Old English poetry appears in two forms: heroic and Christian. Heroic poetry is based in Germanic legend and history. Christian or religious poetry adapts biblical narrative and uses the poetic form to present a moral perspective. Caedmon (died ca. 680) is recognized as being among the earliest of the Christian poets.
Information about Caedmon's life is sketchy. The English theologian, St. Bede the Venerable (673-735), captured what little information was available and published it in the Ecclesiastical History of the English Nation, around 730. Bede lived in the generation following Caedmon and was his closest contemporary and most accurate observer. Caedmon's date of birth is unknown. According to Bede, Caedmon was a herdsman and lay brother at Whitby, a monastery founded in 657 by St. Hilda. As a lay brother, he did not have the responsibilities of a monk, but rather served the monks by tending to their livestock. Reports indicated that Caedmon was illiterate and demonstrated no particular talents.
The story of how he developed his talent is wrapped in the mist of folklore. It is said that his talent sprang from a dream. It was a common practice of the time for those present at any feast or gathering to take turns performing and entertaining. Caedmon had, on many occasions, slipped quietly from the crowd as the harp made its way toward him and it appeared that a song would be demanded. One evening at the monastery, Caedmon was faced with just such a challenge. Acutely aware that he had no talents as a poet or musician, he knew he would be embarrassed when it was his time to perform. As he had on other occasions when faced with this challenge, he left his friends rather than face the humiliation of being forced to sing. He retired to his place in the stable, preferring solitude rather than embarrassment.
During the night Caedmon was visited by the vision of a man who commanded him to sing. Caedmon refused, claiming that he could not sing. But the visitor would not be put off. He requested that Caedmon sing of the creation. To Caedmon's surprise, he sang beautifully in praise of God. It was from this divine inspiration that Caedmon began to write religious poetry.
The next morning he remembered every detail of his dream and went on to add additional verses. He told Hilda and the learned men at Whitby of his dream, and repeated his verses. He was closely examined and everyone agreed that he did, indeed, receive a Divine gift. Throughout his life, Caedmon took sacred stories that had been supplied to him, as well as those related to him, and turned them into verse. Hilda implored him to join the monastery and take up a monastic life to which he agreed. He was told additional holy stories, ranging from the creation of the world to the Last Judgment, which he put to verse. Caedmon's creations were strictly religious and contained no frivolous verse.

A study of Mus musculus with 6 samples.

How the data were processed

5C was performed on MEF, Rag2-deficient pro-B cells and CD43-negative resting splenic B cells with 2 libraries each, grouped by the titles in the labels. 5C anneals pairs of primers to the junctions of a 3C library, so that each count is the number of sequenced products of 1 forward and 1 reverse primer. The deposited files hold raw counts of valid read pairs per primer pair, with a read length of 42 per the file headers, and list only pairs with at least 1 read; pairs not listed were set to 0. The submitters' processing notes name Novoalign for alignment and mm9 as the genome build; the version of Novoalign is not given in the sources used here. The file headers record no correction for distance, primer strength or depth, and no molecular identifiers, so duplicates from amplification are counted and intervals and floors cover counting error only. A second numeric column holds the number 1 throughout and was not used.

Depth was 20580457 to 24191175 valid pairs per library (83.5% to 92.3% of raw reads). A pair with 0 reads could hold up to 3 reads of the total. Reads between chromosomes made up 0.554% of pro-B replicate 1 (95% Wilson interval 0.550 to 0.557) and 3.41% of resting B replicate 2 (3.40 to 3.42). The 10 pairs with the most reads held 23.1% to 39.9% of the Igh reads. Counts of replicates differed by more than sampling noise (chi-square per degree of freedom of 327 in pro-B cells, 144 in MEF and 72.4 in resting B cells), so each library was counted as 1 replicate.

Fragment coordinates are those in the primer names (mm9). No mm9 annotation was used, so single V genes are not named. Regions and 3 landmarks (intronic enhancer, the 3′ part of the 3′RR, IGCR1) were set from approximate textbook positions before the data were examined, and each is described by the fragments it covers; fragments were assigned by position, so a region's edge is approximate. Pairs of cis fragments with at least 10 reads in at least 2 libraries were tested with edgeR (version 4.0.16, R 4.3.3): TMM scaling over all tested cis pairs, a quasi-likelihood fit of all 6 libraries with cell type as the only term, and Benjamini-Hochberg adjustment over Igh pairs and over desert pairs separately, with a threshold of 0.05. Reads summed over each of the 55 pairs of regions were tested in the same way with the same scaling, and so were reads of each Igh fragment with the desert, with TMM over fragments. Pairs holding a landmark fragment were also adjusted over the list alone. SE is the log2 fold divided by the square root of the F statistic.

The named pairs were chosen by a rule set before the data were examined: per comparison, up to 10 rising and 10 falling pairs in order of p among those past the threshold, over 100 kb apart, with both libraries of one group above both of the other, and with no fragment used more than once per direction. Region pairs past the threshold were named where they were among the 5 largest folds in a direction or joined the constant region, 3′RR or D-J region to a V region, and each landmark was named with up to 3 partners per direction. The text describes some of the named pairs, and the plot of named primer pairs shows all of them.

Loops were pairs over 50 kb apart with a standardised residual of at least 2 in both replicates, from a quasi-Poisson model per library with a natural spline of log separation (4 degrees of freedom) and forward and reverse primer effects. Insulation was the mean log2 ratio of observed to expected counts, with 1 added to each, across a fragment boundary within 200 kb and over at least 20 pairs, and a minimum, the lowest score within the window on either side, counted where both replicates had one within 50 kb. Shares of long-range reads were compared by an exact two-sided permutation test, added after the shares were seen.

The form of verse popular during this period was a Germanic style of oral poetry. It was not written down but passed from one generation to another by memory. As related by Bruce Mitchell and Fred C. Robinson in A Guide to Old English, "When Caedmon's Anglo-Saxon forebears migrated from the Continent to the British Isles, they brought with them a well-developed poetic tradition shaped by centuries of oral improvisation … (a) tradition rich with legends and characters … a highly formalized poetic…system of versification."
Bede later recorded a poem said to have been written by Caedmon entitled "Caedmon's Hymn." The "Hymn of Creation" is the only poem that can be accurately attributed to Caedmon. It was composed around 670 and is only nine lines in length. This Hymn attests to the time when the two poetic styles (heroic and Christian) proved to be compatible and began to merge. The poem praises God and was recorded in Latin by Bede, although there are later Old English versions in alliterative verse.
The exact date of Caedmon's death is unknown, but is said to be around 680. William of Malmesbury, in 1125, wrote that Caedmon was most likely buried at Whitby. He was later canonized, his sanctity attested to by numerous miracles.
In 1655, Francis Junius (du Jon), librarian to the Earl of Arundel and friend of the poet John Milton, first published and credited to Caedmon, a unique tenth century manuscript, The Caedmon Poems. This manuscript consisted of a series of poems, "Genesis," "Exodus," and "Daniel," and another collection of poems, written in a different hand, now referred to as "Christ and Satan." The manuscript, which contains these poems, can be found in the Bodleian Library. Additional entries in the manuscript are the "Fall of the Angels," the "Descent into Hell," the "Resurrection," the "Ascension," the "Last Judgment," and the "Temptation in the Wilderness." Later Anglo-Saxon scholars questioned Caedmon's authorship of these works. Most authorities agree that the nine lines quoted by Bede are probably the only surviving works that can be accurately credited to Caedmon.
Caedmon was the first of a series of Anglo-Saxon religious poets. Many English writers of sacred verse attempted to imitate his style, but none were able to equal him. His sacred stories have been retold and pondered in great depth. Caedmon painted a vivid picture in each story and drew inspiration from English life and the surrounding landscape for much of his colorful background. His action stories echo the true sense of battle—with the excitement of the encampment and the apprehension of the ensuing fight. In "Christ and Satan," Caedmon portrayed Satan in a clear, sharp manner. Whether the poems were truly developed by Caedmon, or whether they came from one of his imitators, scholars agree that their style is representative of a long and noble line of Old English poetry.